This was a tough week for the Cavs as they were run off the court in three of their four games and had a tough loss in the final minute in the other. We knew weeks like this would happen when we saw the schedule for February, but that doesn’t make it much easier.
Here’s what we learned from another difficult week.
Collin Sexton’s shot profile could be better.
Sexton came into the league with an inconsistent outside shot and was too reliant on midrange jumpers. While he’s drastically improved his outside shooting as he’s shooting 42.5% from deep going into Sunday’s game against Los Angeles, he still isn’t fully incorporating that skill into his overall game.
The third-year guard is having his most efficient season (.578 true shooting percentage) while also posting his highest usage (27.4%) of his career. However, that increase in usage hasn’t resulted in an increase in three-point attempts.
Sexton is averaging 3.6 three-point attempts per game which is identical to what he was averaging his rookie season. This is also down from the 3.9 he averaged last season. Only 21.0% of his shots are coming from distance this season which is the lowest percentage of his career. This has come with an increase in shots from 10 to 16 feet (.186 FGA%) and 16 feet to the three point line (.073 FGA%).
Sexton has been efficient this season, but it feels like it should be better. Especially when you consider Sexton is shooting 43.8% on pull up threes on the season. Sexton’s game could go to the next level when he turns some of his 5.3 two point pull up shots a game into threes. He has shown he’s a good shooter. It’s time to put that good shooting into practice.
The offensive process isn’t there.
This team doesn’t have the skillset to be a great offense. This is especially true with Kevin Love out of the lineup. However, not having talent doesn’t excuse bad process. Right now, the process is completely messed up and the Cavs have the worst offense in the league with a 104.1 offensive rating going into Sunday’s game as a result.
Jordan Zirm had a great article for Ineligible Man Downfield last week detailing the Cavs lack of three point shooting if you want to read more about that. In short, the offense emphasizes getting to the rim, which is good, but does this at the expense of the outside shot. The offense runs on dribble drives but when the lane closes, because there’s no threat of an outside shot, it leads to endless midrange jumpers. The offense is just a steady, unhealthy diet of contested shots at the rim and long twos.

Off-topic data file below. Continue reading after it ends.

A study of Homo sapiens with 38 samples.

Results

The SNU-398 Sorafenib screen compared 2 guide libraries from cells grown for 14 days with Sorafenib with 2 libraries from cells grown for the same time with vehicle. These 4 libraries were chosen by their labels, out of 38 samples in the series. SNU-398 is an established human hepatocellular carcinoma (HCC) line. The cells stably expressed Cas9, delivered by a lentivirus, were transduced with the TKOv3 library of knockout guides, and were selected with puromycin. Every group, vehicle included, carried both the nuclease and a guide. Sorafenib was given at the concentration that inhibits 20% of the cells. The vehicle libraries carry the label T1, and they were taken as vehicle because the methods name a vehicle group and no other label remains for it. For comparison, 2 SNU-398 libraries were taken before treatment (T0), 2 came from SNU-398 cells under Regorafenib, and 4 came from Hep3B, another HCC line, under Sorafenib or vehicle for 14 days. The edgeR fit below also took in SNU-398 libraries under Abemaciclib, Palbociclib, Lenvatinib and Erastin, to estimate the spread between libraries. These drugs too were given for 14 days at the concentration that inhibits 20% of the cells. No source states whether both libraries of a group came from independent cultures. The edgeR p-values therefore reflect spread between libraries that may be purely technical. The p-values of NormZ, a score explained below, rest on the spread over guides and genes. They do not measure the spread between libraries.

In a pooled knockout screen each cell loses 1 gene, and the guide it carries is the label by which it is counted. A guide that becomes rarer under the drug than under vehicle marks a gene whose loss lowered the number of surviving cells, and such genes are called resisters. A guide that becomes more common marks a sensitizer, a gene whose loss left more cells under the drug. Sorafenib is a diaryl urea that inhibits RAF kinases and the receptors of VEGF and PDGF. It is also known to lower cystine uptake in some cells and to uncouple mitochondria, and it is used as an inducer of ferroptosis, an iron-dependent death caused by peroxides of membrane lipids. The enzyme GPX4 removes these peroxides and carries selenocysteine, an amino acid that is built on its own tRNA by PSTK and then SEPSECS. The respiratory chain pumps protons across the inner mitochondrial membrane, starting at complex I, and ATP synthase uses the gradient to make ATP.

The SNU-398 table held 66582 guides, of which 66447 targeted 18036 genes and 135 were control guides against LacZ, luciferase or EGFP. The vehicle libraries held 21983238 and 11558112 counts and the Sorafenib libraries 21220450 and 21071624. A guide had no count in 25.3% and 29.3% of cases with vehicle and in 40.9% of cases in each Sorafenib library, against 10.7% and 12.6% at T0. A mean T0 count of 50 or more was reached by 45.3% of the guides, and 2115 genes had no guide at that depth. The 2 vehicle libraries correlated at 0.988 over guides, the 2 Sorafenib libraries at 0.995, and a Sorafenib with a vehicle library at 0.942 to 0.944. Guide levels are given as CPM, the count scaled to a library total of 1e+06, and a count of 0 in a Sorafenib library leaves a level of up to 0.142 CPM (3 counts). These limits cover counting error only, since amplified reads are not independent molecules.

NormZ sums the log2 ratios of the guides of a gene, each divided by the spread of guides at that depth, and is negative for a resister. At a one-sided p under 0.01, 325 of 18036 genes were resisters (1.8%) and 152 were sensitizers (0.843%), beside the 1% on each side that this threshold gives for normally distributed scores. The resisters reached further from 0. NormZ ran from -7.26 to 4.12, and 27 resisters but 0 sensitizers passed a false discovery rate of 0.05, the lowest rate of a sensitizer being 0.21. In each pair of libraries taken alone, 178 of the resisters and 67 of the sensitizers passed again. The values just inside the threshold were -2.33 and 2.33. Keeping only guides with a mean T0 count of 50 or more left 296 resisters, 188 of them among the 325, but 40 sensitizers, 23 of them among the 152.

The offense also relies heavily on their centers which is certainly against conventional thinking. As a result, Andre Drummond has a usage percentage of 30.3%, JaVale McGee has a usage percentage of 23.8%, and Jarrett Allen has a usage percentage of 17.5%. Those are all high for their position.
The NBA is a three-point shooting league. It’s becoming the most emphasized skill in the game. The Cavs young backcourt of Sexton and Darius Garland are both shooting over 40% from deep, but the offensive philosophy revolves around the play of their centers and trying to get to the rim. I don’t understand why the Cavs are playing away from what their guards best and most useful skills are. Having a bad offense is one thing, but having a bad offense that emphasizes archaic elements of the game is inexcusable.
It’s too early to write off Isaac Okoro.
The rookie hasn’t started the season as he would’ve liked. Okoro entered Sunday’s game averaging just 7.6 points per game despite playing 33 minutes a game.
Okoro came into the league with the reputation of being a good defensive player and he’s lived up to it so far. His on-ball defense on guards is advanced for his age. He does a good job of making it difficult for guards to get to their spots and has shown flashes of being a good help defender as well. Those skills don’t show up in the stat sheet.
The skills that do show up on the stat sheet need work. Okoro’s offense is very much a work in progress. His dribble isn’t as good as you’d like it to be which makes it difficult for him to get to the basket or the spots he wants to on the floor. Okoro’s outside shot is as bad as advertised, but that is a skill that can be improved. This has relegated him to being mostly a ball mover who can finish at the basket when he moves properly off the ball or in transition.
Rookies generally struggle on defense. Okoro’s defensive impact will become more noticeable as he gets used to NBA schemes and matures physically and mentally. His offense has been disappointing, but he’s shown enough flashes to make you believe he can become solid finisher at the rim especially if he develops a decent handle.
Okoro isn’t as good as many would’ve liked out of the gates and there isn’t any reason to believe he still can’t become the type of player the Cavs hoped they were getting when they selected him fifth overall. Both statements can be true.